Further to my last post on the late riots in Britain and fear of the police as a deterrent to violence and civil disorder, I note that, according to the London Daily Telegraph, the British police are no more afraid of the Prime Minister, David Cameron, than the rioters were afraid of them.
The aftermath of the disturbances has seen relations between the Government and the police sink to a new low. Four police chiefs yesterday made public attacks on Mr Cameron’s law-and-order agenda. One chief constable told The Daily Telegraph that the Prime Minister had been "disrespectful" and risks losing the support of the police.
The Prime Minister risks losing the support of the police? Shouldn’t the fear calculus work the other way around? Shouldn’t it be the respectfulness of the police for the Prime Minister that the former are worrying about and not his for them? Shouldn’t they be the ones who worry about losing the support of the Prime Minister instead of vice versa?
Well, it’s a topsy-turvy world. Writing in today’s Times of London (paywall), Sir Hugh Orde, the president of the British Association of Chief Police Officers who was lately pooh-poohing the idea that British police could learn anything from Bill Bratton or other Americans, now claims to be a friend of Mr Bratton’s and open to new ideas from any source. But he is also insisting on the principle of "a police service free of political interference."
One of the foundation stones of British policing is Robert Peel’s doctrine of constabulary independence. This insulates the police from political control and allows them to rely on their expertise, judgment and experience in their operations. But the essential counterpoint to this is public accountability — through the law, through the Home Secretary nationally level [sic] and through local representatives. But I am convinced there should be a healthy tension for these relationships to work.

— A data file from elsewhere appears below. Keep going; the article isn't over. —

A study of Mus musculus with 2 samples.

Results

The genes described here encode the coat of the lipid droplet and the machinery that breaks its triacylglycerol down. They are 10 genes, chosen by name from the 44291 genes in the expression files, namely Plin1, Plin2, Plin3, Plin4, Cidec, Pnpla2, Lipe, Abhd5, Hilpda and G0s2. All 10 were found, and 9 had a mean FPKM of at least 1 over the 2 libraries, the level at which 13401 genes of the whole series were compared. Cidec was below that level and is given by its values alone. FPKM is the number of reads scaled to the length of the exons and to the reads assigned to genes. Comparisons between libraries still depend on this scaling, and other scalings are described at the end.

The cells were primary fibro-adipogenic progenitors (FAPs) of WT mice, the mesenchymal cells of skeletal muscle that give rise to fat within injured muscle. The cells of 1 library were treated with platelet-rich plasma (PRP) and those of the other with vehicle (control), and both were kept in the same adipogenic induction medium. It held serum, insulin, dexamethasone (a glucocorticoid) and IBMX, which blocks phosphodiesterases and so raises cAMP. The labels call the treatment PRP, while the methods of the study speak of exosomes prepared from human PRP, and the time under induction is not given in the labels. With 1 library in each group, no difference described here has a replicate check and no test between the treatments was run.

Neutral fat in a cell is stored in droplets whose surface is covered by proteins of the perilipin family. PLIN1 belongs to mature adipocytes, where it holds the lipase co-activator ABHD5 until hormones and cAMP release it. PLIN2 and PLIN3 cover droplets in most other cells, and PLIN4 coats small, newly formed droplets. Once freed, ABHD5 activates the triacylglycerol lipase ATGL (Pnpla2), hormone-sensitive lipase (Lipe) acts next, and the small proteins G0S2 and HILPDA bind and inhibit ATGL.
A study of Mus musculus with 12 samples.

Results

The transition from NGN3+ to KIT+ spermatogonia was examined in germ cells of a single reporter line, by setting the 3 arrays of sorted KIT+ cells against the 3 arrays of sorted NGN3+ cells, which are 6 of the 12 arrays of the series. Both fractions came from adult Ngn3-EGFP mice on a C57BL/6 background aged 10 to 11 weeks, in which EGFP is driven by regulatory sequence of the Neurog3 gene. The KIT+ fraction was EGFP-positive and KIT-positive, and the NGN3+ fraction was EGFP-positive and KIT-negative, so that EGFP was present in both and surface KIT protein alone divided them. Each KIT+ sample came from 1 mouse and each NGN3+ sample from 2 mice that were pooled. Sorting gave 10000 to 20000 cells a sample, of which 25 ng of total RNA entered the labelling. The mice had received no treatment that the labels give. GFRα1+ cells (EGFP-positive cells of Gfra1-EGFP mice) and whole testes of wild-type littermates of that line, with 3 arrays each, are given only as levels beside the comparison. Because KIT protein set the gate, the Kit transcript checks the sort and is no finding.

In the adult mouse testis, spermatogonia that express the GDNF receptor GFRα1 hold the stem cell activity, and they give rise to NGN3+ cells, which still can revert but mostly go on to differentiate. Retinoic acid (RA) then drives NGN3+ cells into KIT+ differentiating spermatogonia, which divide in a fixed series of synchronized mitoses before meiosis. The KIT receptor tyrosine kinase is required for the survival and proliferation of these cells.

In the context of the riots this kind of comment is disingenuous in the extreme. The police did a poor job of maintaining public order, and the political leadership of the country could not have done otherwise than express some of the alarm at the fact that ordinary people felt. Moreover, theirs will be the ultimate responsibility if the police can’t figure out what to do about mass recreational criminality in the underclass. For someone in Sir Hugh’s position at this point to prattle on about the "healthy tension" in his relationship with the government suggests that the kind of insubordination to which the police have been subject in the streets must be catching. We used to have words like "impudence" and "impertinence" to describe such defiance of legitimate authority, but when was the last time you heard one of them used unironically?
Ironically, the generally unspoken foundation of the Bratton-style "broken-windows" or "zero-tolerance" policing that Sir Hugh was so supercilious about is precisely the re-introduction of the idea of respect for established order. Allow little manifestations of disrespect for authority like broken windows or squeegee men or fare-dodgers and soon you will have much bigger and more dangerous forms of disrespect running rampant. Unless the criminal element learn to fear the police, the police — and everybody else — will soon learn to fear the criminal element. But British politicians have hitherto shown little interest in making the criminal classes pay a price for their disrespect of the police. On the contrary, they have often seemed to support it by being quick to seek out and punish police wrong-doing. So perhaps they can hardly expect to make the police pay a price for disrespecting them in turn.